Asked February 09, 2017, 4:23 PM EST
Onondaga County New York
Your ancestors’ red-leafed peach trees were probably one or more varieties of Prunus persica. Although not all P. persica varieties have red leaves, several common and easily obtainable red-leafed varieties have the word “Bonfire” in their names, such as ‘Bonfire’ ‘Patio Bonfire’, ‘Crimson Bonfire’, etc.
Most of these red varieties are on the compact side, usually reaching to about six feet in both width and height, making them more the size of a shrub than a full-sized tree. Other varieties, such as ‘Royal Red Leaf’ or ‘Foliis Rubris’ which are often used as rootstock, can grow to be much taller but are harder to find. The trees you first knew as a child were possibly among these latter varieties, which have generally been replaced in today’s catalogs by the more compact and easier to harvest varieties.
P. persica is hardy in USDA Zones 5 - 9, usually tolerating temperatures down to -10 or even -20 degrees F., so it should be able to withstand even the mighty winds and snows coming off Lake Ontario.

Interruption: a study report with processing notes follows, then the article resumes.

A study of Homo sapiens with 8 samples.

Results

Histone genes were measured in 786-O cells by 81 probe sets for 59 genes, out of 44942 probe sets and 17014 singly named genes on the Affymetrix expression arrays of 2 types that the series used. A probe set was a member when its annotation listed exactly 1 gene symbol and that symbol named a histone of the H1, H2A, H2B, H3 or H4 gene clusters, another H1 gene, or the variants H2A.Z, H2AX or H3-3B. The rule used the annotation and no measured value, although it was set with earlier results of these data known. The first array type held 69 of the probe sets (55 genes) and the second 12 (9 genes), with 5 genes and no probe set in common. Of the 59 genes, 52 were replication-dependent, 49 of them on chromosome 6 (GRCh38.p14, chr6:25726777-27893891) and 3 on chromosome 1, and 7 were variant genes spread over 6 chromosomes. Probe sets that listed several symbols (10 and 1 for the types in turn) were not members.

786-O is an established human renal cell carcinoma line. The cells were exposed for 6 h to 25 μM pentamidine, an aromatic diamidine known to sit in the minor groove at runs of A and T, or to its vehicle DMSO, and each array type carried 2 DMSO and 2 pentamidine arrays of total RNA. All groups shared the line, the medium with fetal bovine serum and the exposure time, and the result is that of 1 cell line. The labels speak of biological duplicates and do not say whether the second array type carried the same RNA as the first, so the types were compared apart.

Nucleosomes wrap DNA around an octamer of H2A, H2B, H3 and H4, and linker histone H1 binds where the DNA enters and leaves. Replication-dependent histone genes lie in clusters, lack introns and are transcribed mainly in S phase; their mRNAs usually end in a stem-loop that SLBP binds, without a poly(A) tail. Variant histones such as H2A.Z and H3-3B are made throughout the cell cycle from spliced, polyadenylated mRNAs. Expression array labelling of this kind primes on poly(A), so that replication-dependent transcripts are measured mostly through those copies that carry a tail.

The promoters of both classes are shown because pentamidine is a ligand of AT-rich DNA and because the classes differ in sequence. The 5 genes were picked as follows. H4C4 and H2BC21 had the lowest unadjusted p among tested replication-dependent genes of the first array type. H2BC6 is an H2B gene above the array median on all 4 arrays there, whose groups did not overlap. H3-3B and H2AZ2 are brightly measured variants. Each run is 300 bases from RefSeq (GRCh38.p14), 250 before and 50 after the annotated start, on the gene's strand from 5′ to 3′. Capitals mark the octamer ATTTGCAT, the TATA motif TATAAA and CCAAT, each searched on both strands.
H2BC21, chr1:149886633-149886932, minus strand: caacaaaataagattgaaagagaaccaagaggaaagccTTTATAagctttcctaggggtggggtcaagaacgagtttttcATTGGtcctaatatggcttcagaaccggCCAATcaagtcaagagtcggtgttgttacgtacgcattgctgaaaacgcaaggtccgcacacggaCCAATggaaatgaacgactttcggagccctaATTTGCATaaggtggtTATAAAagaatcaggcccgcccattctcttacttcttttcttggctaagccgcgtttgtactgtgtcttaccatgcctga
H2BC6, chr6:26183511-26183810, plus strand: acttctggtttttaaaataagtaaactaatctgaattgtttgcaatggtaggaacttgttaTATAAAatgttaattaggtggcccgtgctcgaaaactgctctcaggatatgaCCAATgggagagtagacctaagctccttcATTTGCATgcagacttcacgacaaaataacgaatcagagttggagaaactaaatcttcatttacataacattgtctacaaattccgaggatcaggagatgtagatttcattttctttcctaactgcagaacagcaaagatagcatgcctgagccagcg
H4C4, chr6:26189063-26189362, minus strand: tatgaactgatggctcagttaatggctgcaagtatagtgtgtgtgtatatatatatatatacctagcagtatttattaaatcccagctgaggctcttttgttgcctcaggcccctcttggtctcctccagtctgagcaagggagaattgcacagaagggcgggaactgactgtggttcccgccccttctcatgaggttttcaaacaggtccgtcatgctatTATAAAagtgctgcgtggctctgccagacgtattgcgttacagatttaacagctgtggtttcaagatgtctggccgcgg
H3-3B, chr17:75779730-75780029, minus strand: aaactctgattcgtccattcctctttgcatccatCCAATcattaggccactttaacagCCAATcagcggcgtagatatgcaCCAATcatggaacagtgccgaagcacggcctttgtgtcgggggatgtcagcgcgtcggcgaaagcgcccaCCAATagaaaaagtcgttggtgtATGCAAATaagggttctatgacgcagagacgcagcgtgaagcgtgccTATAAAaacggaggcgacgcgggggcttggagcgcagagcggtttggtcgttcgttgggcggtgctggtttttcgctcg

The foliage of these peaches is striking, and the plants will bear fruit that can be juicy and delicious. It is important to know, however, that the wilted leaves, twigs or stems, and seeds can be very toxic. Symptoms of poisoning from ingesting these parts can range from shortness of breath to convulsions, coma and respiratory failure resulting in death.
Here is a chart that gives you a lot of information about P. persica from North Carolina State University Cooperative Extension Service: https://plants.ces.ncsu.edu/plants/all/prunus-persica/
If your local nursery does not stock these trees, you should easily be able to find specimens for sale online.